The Weather Man


Movie review by Greg Carlson

Cold, blustery, and with occasional gusts of unwelcome wind, “The Weather Man” doesn’t forecast an enjoyable time at the cinema. A strange cocktail of gloomy, woe-is-me navel-gazing and droll, observant comedy, Gore Verbinski’s latest film is more likely than not to keep the director trained on helming the “Pirates of the Caribbean” franchise, and away from introspective character studies. “The Weather Man” is not awful by any means, but the strain of delivering a convincingly sympathetic story with a privileged, successful, white male at its center turns out to be more than Verbinski, screenwriter Steve Conrad, and star Nicolas Cage can handle.

With its nervous Hans Zimmer score and the austere photography of Phedon Papamichael, “The Weather Man” aspires to an “American Beauty” level of artfulness. The movie’s narrative, however, seems to have much less at stake than “Beauty,” and unlike that film, only a single character is explored in depth. Cage’s performance as Dave Spritz, a Chicago TV personality whose personal life is in shambles, is solid as ever, but Spritz is so irritable as to become irritating, and the result often alienates him from the viewer. The filmmakers also miscalculate the effect of the voiceover narration, in this case a completely unnecessary addition at turns mawkish and grating.

Despite the fact that his job is easy to perform and financially lucrative (he is even in the running for a plum spot on a national morning program hosted by Bryant Gumbel, who turns up in an odd cameo appearance), Dave sees himself as insignificant and his career path as trivial. Constantly trying to measure up to his ailing father Robert (Michael Caine), a National Book Award and Pulitzer Prize winner, Dave believes his own failed marriage is a disgrace. His ex-wife Noreen (Hope Davis) has moved on, and he strains to connect with his two kids, both of whom deal with awkwardly contrived, plot-device problems.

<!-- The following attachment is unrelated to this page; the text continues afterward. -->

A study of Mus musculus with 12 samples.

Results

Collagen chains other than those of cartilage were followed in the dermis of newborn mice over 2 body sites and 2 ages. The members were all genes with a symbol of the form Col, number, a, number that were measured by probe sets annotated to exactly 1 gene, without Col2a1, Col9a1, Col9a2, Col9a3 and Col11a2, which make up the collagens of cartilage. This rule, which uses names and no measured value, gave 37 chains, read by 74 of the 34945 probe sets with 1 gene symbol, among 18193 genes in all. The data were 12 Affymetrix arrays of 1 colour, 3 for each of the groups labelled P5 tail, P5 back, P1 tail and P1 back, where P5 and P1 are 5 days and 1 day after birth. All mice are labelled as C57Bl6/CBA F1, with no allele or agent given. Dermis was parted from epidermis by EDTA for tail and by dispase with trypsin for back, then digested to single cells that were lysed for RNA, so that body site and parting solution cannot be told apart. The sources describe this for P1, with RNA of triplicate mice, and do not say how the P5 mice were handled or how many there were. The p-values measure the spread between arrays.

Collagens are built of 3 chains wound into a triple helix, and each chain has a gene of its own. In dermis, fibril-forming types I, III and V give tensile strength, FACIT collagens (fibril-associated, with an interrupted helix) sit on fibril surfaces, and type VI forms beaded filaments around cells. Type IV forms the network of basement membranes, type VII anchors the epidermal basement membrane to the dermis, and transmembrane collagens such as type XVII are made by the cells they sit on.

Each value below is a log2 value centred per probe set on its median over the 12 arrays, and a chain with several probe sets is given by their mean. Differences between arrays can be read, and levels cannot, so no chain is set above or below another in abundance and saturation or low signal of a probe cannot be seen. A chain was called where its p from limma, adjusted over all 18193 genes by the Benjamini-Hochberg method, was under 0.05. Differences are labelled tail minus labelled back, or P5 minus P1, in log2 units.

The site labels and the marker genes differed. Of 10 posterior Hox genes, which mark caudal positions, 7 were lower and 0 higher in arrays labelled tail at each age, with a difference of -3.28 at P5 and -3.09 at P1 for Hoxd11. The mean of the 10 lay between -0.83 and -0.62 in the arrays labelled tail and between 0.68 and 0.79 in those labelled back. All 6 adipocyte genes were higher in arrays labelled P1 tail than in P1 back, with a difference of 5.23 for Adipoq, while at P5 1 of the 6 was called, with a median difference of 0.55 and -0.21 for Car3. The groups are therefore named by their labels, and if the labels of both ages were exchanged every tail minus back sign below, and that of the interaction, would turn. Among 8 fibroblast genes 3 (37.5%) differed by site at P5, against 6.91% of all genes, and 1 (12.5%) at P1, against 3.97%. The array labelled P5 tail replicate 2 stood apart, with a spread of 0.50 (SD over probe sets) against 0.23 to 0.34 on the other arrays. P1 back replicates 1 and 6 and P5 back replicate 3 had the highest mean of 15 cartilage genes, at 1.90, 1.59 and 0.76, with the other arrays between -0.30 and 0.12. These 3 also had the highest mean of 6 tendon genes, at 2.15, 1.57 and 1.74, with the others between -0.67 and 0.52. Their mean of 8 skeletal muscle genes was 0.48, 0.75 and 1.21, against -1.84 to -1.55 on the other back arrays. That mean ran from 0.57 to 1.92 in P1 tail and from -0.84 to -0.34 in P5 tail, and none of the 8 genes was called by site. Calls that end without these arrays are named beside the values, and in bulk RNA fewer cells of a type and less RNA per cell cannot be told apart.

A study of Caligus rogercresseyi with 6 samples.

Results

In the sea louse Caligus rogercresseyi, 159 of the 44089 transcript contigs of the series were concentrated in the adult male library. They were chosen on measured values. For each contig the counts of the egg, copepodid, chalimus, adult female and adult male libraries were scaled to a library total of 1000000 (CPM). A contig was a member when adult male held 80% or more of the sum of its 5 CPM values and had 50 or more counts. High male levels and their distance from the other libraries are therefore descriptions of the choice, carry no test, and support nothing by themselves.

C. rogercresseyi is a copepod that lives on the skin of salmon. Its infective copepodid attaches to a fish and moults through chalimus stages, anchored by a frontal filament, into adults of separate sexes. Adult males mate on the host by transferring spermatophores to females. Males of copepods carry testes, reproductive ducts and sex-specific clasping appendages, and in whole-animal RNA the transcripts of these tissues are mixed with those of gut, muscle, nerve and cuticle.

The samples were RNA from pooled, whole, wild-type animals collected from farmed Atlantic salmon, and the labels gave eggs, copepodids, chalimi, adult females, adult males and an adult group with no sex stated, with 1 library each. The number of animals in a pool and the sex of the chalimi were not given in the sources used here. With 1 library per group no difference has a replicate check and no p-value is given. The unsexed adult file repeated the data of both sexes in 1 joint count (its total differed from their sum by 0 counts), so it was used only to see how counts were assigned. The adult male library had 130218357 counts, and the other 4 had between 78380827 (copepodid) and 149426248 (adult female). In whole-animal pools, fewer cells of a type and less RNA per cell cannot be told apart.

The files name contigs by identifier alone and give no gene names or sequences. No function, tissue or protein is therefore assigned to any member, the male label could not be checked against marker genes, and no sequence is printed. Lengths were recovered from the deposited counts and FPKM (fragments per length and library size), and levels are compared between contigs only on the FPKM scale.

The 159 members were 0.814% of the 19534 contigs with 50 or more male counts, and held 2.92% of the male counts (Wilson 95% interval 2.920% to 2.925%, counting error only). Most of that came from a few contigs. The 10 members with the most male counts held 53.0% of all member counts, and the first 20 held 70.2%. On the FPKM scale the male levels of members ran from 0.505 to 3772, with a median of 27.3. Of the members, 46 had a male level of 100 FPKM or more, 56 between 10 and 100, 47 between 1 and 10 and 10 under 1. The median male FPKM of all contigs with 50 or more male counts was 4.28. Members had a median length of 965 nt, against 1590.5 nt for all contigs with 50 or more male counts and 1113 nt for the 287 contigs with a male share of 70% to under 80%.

“The Weather Man” wants to be taken pretty seriously, so it is somewhat puzzling why one of the movie’s running gags is the sight of Dave being pelted by all manner of fast food: hot apple pies, milkshakes, Big Gulps, and other assorted edibles adorn Dave’s coat far more often than one believes is reasonable – even in a market the size of Chicago. Perhaps the film is trying to say something about the cost of minor celebrity (one piece of narration leads Dave to identify himself with the disposable nature of the disgusting victuals heaved at his person), but the frequency of the bombardments rings false.

Verbinski milks a great many take-them-or-leave-them symbols for all they are worth. Dave’s interest in archery wavers between a calming, Zen-like tonic and a borderline psychotic outlet for misplaced rage. The director also develops another genuinely strange preoccupation with the phenomenon of the “camel-toe,” which factors more prominently than one initially expects. Another subplot concerning a pedophile drug counselor seems dropped in for good measure, but none of this material ultimately satisfies. The result is a film that leaves the viewer as out of sorts as its frustrated, confused protagonist.

This review was originally published in the High Plains Reader the week of 10/31/05.